Reporting Can Change the World

Hey there! This was one of my first ever posts on my blog, but I’m keeping it live for archiving purposes. Keep reading to hear what I thought about this topic on April 14, 2016, or click here to browse my more recent posts.

Reporting can change the world.

…or so says the Newseum, a museum showing the triumphs (and pitfalls) of the journalism industry, from print papers to photos, with the goal of defending the First Amendment (notably, freedom of press) across the country and around the world.

I recently visited this D.C. museum with my boyfriend, and, needless to say, my trip was one to remember.

I’m relatively new to the field of journalism. I didn’t explore the industry in high school, or even consider it as a major until halfway through my freshman year of college. The decision to completely change career paths was a huge (and scary) one for me, and, at times, I had second thoughts.

That all changed after my trip to the Newseum.

I looked at the section of the Berlin Wall in awe, snapped some shots of the First Amendment Freedoms exhibit, and of course, stopped to see the History of News 4D film. They were all cool exhibits, but my takeaway really came from the short clip on the reporters of 9/11, the cars patterned with bullets, and the journalist memorial wall.

9/11 still makes me emotional — even though I was only almost-4 years old when it happened, and I didn’t know anyone who perished on that dreadful day. I’d always thought of the police officers, the firemen, and, of course, the people in the buildings and on the planes — the ones who gave everything and even the survivors. But never had it crossed my mind to think about the reporters.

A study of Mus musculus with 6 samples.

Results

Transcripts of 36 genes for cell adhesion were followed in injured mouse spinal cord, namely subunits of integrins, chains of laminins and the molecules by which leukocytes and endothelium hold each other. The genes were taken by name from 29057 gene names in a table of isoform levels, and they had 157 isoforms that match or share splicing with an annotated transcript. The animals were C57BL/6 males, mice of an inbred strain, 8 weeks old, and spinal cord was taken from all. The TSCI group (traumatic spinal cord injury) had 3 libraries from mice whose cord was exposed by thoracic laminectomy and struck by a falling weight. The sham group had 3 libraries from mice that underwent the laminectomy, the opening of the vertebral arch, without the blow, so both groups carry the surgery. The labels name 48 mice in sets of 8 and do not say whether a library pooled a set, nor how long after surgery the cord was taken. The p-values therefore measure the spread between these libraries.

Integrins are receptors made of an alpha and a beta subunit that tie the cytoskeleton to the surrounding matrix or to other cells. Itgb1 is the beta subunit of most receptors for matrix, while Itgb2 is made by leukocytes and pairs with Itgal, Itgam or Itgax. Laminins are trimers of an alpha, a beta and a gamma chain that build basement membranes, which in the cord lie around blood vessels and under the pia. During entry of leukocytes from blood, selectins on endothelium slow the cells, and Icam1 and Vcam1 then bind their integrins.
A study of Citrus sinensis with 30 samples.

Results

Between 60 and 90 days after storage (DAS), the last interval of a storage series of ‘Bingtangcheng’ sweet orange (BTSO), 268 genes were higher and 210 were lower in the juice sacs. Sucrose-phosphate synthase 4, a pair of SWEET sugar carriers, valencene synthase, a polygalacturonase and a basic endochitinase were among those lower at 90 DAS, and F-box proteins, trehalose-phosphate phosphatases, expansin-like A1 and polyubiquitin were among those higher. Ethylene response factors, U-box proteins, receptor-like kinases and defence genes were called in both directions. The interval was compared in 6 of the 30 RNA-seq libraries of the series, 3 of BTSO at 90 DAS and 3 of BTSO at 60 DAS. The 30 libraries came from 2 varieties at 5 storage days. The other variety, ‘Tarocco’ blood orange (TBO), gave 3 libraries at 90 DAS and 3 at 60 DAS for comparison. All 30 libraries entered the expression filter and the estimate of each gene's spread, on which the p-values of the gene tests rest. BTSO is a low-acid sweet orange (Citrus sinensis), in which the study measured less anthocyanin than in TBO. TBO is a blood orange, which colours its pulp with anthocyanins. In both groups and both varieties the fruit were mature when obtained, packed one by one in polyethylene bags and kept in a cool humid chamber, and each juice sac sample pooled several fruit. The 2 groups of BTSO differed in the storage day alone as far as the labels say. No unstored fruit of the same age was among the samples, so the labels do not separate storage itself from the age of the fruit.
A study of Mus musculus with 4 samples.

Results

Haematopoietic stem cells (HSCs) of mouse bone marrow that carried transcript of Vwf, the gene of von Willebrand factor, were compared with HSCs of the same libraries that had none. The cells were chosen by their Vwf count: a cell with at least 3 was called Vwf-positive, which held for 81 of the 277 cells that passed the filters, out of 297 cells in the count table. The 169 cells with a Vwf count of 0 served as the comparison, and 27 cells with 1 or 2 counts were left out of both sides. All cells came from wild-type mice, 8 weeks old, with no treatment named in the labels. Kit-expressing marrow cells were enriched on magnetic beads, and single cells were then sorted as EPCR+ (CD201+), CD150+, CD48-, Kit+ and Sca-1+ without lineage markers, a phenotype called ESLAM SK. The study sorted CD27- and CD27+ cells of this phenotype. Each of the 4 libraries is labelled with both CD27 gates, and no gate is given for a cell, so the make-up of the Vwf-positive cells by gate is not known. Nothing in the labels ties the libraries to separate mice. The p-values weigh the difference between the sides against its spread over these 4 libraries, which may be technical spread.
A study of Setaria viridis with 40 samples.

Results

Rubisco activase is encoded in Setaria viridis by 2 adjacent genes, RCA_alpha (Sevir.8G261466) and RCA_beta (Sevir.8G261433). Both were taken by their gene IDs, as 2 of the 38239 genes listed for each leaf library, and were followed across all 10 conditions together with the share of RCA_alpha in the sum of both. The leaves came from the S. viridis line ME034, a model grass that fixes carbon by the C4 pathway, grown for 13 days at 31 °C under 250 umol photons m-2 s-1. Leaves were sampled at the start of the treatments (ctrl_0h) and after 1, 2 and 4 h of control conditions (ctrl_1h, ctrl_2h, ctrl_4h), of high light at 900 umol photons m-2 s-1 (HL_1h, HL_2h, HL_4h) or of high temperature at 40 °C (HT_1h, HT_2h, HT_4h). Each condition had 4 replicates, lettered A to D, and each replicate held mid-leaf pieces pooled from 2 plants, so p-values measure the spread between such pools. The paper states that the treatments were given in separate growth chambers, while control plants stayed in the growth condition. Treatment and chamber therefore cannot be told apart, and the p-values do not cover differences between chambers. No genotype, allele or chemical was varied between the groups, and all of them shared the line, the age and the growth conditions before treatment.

I watched the short film of the journalists’ memories, and I think my boyfriend would tell you that I was teary-eyed (although I think I was just very focused). They were running toward the wreckage, some right into a tumbling building, to get the shot — to share with the country and the world what was happening — to record history as it happened. How else would we so vividly remember the fallen? And how would our understanding of the attack have changed if the journalists hadn’t gotten the entire incident on video?

Journalists don’t just run toward burning buildings, as the Newseum makes clear. They venture through war zones and take on stray bullets. They put their lives at risk, in some countries, just by doing the job they love. As I looked up at the Newseum’s wall of photos of journalists who have died on the job, I realized the seriousness of my chosen profession.

I realized that the field of journalism isn’t about coming up with the latest hot take. It’s not about busy newsrooms with doughnuts and coffee. It’s about the action — it’s about recording history, whatever the cost. It’s dangerous, it’s necessary, and it’s exactly what I want to do for the rest of my life.

What’s your dream job? Share your story with me in the comments below!